Replacing your carburetor with fuel injection has never been easier. Throttle body injection (TBI) systems will often work great with your current engine setup and support future upgrades (like a power adder or timing control) if you choose the appropriate system up front.

EFI kits are sized by the maximum horsepower they can support with gasoline, and are designed to work across a wide horsepower range. Some systems are compatible with E85 but at a reduced maximum horsepower rating, because E85 requires a richer air/fuel mixture.

OnAllCylinders contributor Jeff Smith showed us this Holley Sniper throttle body EFI system on a street-driven 1966 El Camino packing a 468ci Chevy Big Block. (Image/Jeff Smith)

Most universal TBI systems will also bolt up to your existing 4150-flange intake manifold. There are also 2-barrel, 6-pack, and dual-quad systems available that all significantly improve drivability.

The majority of modern EFI kits are self-tuning speed density systems that use minimal sensors for a simple installation: a throttle position sensor, MAP sensor, tach input, coolant temperature sensor, and a wideband O2 sensor for precise air/fuel feedback.

Recommended Reading: EFI 101: Mass Air vs. Speed Density — What They Are & Which is Best for Your Ride

The setup is basic; simply select your number of cylinders, displacement, ignition type, camshaft profile, and fuel (if compatible with fuels other than gasoline), and the self-learning system adapts as you drive. User tuning is usually confined to target air/fuel ratio, idle rpm, cold start enrichment, and deceleration fuel cut-off.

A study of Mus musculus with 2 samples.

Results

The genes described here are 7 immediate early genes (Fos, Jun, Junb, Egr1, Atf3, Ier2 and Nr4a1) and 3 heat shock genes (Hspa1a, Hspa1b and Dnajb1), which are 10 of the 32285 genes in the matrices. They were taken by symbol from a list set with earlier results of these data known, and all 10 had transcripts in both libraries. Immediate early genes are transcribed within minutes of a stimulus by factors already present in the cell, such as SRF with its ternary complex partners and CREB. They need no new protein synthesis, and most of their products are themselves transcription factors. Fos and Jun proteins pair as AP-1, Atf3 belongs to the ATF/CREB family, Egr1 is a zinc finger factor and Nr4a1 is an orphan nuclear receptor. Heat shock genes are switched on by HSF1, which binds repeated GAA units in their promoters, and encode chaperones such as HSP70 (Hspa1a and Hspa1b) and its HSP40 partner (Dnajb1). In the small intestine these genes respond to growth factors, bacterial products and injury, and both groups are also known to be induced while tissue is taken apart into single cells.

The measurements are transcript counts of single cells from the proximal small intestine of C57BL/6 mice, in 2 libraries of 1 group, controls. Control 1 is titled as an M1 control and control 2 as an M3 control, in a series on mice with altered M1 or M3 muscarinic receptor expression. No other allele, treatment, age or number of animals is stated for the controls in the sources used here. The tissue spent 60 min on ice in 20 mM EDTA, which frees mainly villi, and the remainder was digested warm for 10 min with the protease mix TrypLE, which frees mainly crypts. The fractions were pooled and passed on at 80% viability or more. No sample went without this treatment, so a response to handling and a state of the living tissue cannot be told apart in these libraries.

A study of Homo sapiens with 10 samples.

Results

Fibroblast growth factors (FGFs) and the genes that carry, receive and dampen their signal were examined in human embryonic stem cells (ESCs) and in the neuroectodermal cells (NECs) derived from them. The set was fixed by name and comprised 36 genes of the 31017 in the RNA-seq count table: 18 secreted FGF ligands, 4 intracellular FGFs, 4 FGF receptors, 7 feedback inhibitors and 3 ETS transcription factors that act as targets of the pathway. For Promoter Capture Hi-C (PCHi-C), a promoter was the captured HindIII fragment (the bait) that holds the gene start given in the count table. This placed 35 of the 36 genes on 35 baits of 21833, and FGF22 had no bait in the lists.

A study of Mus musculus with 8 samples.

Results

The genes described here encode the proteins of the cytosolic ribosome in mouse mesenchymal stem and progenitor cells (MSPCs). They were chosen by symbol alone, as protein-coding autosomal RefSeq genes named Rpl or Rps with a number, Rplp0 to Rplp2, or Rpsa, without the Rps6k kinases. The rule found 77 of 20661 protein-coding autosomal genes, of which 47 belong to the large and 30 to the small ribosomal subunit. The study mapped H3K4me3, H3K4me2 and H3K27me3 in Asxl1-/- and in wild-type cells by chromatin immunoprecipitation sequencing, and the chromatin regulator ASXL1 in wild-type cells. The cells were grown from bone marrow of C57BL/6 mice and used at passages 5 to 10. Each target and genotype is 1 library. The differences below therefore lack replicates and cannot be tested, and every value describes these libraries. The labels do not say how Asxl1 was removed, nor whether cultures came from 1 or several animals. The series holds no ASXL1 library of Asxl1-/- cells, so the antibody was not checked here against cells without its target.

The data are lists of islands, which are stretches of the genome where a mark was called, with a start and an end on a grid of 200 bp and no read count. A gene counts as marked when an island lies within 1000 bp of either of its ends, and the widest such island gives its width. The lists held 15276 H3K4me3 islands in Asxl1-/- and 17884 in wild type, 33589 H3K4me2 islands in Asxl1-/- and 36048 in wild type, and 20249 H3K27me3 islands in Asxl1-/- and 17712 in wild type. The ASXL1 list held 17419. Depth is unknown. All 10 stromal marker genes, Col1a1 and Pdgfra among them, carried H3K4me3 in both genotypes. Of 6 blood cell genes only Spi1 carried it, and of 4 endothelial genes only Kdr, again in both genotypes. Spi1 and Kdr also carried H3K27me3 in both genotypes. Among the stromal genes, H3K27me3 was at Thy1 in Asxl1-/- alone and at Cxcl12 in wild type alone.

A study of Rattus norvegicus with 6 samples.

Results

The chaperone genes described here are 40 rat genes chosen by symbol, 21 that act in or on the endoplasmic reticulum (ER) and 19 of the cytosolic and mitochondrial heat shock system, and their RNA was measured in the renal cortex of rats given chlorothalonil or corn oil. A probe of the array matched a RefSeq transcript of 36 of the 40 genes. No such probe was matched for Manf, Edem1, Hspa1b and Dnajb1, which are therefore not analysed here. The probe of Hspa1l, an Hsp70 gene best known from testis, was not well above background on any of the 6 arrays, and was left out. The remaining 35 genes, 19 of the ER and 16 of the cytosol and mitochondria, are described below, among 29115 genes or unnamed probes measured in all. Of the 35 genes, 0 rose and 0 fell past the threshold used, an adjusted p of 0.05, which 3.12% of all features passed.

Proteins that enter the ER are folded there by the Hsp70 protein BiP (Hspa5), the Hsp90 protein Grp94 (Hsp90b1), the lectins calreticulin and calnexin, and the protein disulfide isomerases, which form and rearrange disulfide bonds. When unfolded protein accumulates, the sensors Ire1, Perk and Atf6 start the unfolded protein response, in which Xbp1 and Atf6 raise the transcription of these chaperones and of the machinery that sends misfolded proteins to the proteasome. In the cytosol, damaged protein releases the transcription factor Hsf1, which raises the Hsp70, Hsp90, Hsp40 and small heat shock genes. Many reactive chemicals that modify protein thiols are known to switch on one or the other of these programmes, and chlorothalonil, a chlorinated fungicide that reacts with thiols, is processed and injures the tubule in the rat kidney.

They’re not all based on a single carb setup either: Check out this this Chevy 383 Stroker using a Holley EFI system to feed eight individual velocity stacks. You can see more of this wicked-cool C3 Corvette here. (Image/OnAllCylinders)

If a system is compatible with timing control or power adders, those adjustments must be tuned by the user—the manufacturer can offer additional support for your individual setup.

Some kits include a fuel pump, however, any fuel pump that provides the correct pressure and volume can be used.

Typical EFI fuel system upgrades include:

Confused about EFI fuel demands? Read this: Return or Returnless: Which Fuel System is Right for You?

Depending on system psi, you may be able to use existing fuel lines, but replacing them is highly recommended.

You can see a wide range of throttle body fuel injection systems at

And if you’d like to learn more about how these systems work, click here for Summit Racing’s tech section on EFI.


Dave Matthews was a mechanic for the U.S. Army, a Ford dealership, and served for many years as a fleet mechanic for construction companies. Now a technical content producer at Summit Racing, Dave has spent decades working on everything from military vehicles to high performance race machines.